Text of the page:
IEEE Semiconductor Wafer Test Workshop – Opening Session & Keynote (Sunday)

On Sunday evening June 12th, 2011 Jerry Broz, the general conference chair, opened the IEEE Semiconductor Wafer Test Workshop welcoming us to the 21st year with a combined total attendance of over 5,000. He also briefly highlighted the positives in recent market trend data from the Semiconductor Industry Association (SIA) and VLSIresearch.

Dr. William Chen, Senior Technical Advisor, ASE Group, provided the keynote presentation “Backend to the Front Line”:

Dr. Chen started with a review of semiconductor history pointing out that the fundamentals of wafer probe have not changed much since the development of the wire bond in 1967 and C4 flip chip technology in 1970. However, as predicted by Moore’s Law, which was basically a promise that semiconductor technology will get cheaper over time, semiconductors have become both cheaper on a per transistor basis and more complex in terms of total number of transistors.

He then discussed that the current driver of the semiconductor life cycle is one of “Information” – i.e. search engines, machine-to-machine communication, etc. And the next driver will be “Life Sciences” including biotechnology and green energy. In the current “Information” stage, there is not only a significant growth in semiconductor device volumes but an even larger growth in data traffic.

At the same time the packaging technology demands of these new devices are “divergent”:

  • Smart Phones & Tablets: WLCSP combined with PoP, Thin Packaging
  • Networking: Large die Flip Chip, Ultra Low Alpha, networking IC specific packaging

He then discussed more Moore (the continuation of Moore’s law below 20 nm and beyond CMOS), More than Moore (how to interact w/people & environment), and the combination of SOC & SiP to form higher value systems. For example, our hand size dictates the size of a smart phone but we want to put more functions in it. Therefore, we need to figure out how to shrink everything including the digital components, analog circuitry, and integrated MEMS sensors.

In the 1990’s there were a few types of standard packages since the volume driver was the personal computer (PC), which has a defined architecture. However, today there is a tremendous proliferation in packages because there are now all types of new devices with lots of innovation driven by the market. He then discussed the accompanying changes in the backend (the process of packaging semiconductor devices for assembly into products) as driven by both economics and the requirements of these products. For example WLCSP in 2000 was too small to handle and too expensive. Now in 2011, 40 to 60% of iPhone parts are WLCPs.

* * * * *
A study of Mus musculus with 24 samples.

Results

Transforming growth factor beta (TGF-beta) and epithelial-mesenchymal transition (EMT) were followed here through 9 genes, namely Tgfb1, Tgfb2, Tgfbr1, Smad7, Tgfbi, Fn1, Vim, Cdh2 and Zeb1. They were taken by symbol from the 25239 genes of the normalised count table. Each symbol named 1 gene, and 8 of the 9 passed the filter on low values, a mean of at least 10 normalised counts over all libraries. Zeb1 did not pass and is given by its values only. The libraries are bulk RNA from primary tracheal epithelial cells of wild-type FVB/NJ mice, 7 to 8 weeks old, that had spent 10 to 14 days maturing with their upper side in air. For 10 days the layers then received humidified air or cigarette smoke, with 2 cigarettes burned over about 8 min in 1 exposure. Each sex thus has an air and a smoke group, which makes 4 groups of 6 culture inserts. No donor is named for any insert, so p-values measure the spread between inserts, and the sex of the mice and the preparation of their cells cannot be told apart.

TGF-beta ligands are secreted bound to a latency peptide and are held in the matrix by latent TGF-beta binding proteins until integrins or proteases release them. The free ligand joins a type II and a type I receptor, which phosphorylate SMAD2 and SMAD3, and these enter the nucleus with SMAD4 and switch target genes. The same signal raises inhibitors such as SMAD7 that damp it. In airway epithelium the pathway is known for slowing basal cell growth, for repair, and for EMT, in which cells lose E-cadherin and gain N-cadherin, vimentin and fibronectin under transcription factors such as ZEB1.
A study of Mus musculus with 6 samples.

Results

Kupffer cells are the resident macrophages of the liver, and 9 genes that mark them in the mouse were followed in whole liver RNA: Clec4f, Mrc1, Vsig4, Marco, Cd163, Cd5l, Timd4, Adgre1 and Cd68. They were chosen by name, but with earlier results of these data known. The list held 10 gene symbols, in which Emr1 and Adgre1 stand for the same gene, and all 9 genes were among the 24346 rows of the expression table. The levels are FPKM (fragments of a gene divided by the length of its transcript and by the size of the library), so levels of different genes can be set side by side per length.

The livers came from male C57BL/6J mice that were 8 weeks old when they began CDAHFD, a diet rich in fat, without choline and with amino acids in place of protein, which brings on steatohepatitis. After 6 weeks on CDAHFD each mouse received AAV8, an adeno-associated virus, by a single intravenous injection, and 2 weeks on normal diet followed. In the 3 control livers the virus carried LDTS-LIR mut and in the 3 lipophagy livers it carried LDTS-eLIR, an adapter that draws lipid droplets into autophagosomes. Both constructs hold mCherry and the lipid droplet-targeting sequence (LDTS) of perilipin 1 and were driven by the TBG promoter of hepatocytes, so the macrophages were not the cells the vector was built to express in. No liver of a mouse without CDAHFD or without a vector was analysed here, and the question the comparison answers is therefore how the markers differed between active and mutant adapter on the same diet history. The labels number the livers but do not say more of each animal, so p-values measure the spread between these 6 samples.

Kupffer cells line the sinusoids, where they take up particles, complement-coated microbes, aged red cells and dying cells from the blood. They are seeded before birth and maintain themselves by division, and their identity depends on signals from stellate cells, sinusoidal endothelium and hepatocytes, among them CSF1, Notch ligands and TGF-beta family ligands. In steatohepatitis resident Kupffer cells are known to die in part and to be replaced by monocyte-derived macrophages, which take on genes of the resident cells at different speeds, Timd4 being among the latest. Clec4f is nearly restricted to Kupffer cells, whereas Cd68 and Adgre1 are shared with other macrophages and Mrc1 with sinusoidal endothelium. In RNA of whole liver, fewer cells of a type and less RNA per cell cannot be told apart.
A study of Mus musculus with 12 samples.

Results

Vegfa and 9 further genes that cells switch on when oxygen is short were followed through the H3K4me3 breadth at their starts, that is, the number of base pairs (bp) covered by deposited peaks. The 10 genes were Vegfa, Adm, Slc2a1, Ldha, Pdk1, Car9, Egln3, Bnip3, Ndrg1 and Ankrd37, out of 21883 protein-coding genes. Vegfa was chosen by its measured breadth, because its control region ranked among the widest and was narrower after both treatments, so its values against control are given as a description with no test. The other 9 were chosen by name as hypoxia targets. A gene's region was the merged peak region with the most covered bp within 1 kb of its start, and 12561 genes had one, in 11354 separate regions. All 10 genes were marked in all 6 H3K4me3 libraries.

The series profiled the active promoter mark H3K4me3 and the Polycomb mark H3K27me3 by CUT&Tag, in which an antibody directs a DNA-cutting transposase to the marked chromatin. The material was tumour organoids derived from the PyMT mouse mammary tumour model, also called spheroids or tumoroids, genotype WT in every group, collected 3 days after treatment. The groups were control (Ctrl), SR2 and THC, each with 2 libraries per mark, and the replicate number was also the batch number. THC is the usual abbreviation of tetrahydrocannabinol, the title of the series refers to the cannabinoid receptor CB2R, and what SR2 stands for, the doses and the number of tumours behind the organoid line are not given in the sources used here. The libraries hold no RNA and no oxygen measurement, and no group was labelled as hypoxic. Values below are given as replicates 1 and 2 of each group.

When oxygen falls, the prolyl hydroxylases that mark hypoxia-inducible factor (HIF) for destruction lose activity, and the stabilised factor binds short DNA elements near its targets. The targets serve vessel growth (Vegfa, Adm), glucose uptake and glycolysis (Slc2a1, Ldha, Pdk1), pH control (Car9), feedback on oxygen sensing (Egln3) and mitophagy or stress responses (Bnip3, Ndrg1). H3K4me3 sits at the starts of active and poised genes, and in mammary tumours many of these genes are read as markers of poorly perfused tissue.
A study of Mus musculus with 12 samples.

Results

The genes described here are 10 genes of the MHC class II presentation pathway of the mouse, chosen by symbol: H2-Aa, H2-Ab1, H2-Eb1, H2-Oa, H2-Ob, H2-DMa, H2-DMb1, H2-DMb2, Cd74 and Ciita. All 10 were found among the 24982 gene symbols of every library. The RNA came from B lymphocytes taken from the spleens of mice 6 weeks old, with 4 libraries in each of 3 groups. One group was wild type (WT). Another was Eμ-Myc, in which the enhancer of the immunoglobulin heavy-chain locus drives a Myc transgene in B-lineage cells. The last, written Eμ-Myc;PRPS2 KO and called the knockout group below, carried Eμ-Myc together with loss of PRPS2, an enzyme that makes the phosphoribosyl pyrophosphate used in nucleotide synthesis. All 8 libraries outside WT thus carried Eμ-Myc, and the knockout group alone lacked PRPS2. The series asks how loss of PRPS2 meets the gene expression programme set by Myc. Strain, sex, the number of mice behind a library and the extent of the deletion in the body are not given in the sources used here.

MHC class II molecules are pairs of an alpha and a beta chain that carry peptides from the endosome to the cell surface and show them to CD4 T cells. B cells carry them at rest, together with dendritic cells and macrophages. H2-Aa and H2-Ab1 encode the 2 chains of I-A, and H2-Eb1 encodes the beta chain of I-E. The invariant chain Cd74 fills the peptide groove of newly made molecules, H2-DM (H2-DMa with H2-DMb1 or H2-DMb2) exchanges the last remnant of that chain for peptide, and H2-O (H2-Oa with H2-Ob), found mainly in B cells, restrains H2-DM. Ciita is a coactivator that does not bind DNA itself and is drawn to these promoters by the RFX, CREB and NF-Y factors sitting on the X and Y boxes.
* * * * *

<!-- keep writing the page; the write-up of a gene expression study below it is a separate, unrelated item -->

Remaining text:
Dr. Chen then examined the challenges of SiP and 3D packaging along with the challenges of wafer probing these packages. Some example architectures he showed included a Frauhofer camera module, a Xilinix stacked silicon interposer FPGA, and a MIT Tera-scale Computing Module. These devices showed how additional functionality such as power savings and optical interconnect were achieved using these new packaging schemes.

In his view, 3D interconnect is best thing since sliced bread. However, there are serious logistical and financial business challenges that accompany this. Today test can clearly identify if a semiconductor die (bare device from a wafer) is good prior to packaging and if it is still good after packaging. This allows a fabless company to compensate fabrication and packaging suppliers based upon quantity of “good die” that are processed. However, with 3D packaging it is extremely difficult, if not impossible, to determine if the die is bad or if the packaging is defective if test only occurs after stacking all the die. Therefore, this technology will drive new business models both for the integrated device manufacturers (IDMs) and the fabless companies.

In response to questions he added:

  • Reconstituted wafers from WLCSP fan out are processed in a similar fashion to a regular wafer. However, there will be significant probing challenges since the redistribution layer will extend beyond the die with no silicon underneath portions that will contain some of the probe pads.
  • Proliferation of packaging types will continue since the market is driving different products. And the market is the determining the package type versus PC with fixed architecture. For example the iPad functions like a netbook – but inside it is totally different. In the past people wouldn’t accept new package types – but now they are far more willing to be different in order to achieve product differentiation.
  • Stacking of memory parts on top of microprocessors will continue. Solving the thermal issues is of vital importance since the heat needs to be dissipated to permit the proper operation of these parts. Lots of time will be spent on these issues. And how are we going to probe stacked memory wafers with similar or worse thermal issues when multiple stacks are powered up at once?

His final remarks: IEEE is our “professional home” and it is important to have this workshop to develop the technologies used by the industry. Technology innovation builds on and requires a knowledge base that continuously grows. At our conference there are lots of people from the supply chain but not from the universities. Without additional academic participation, where is the future knowledge growth going to come from?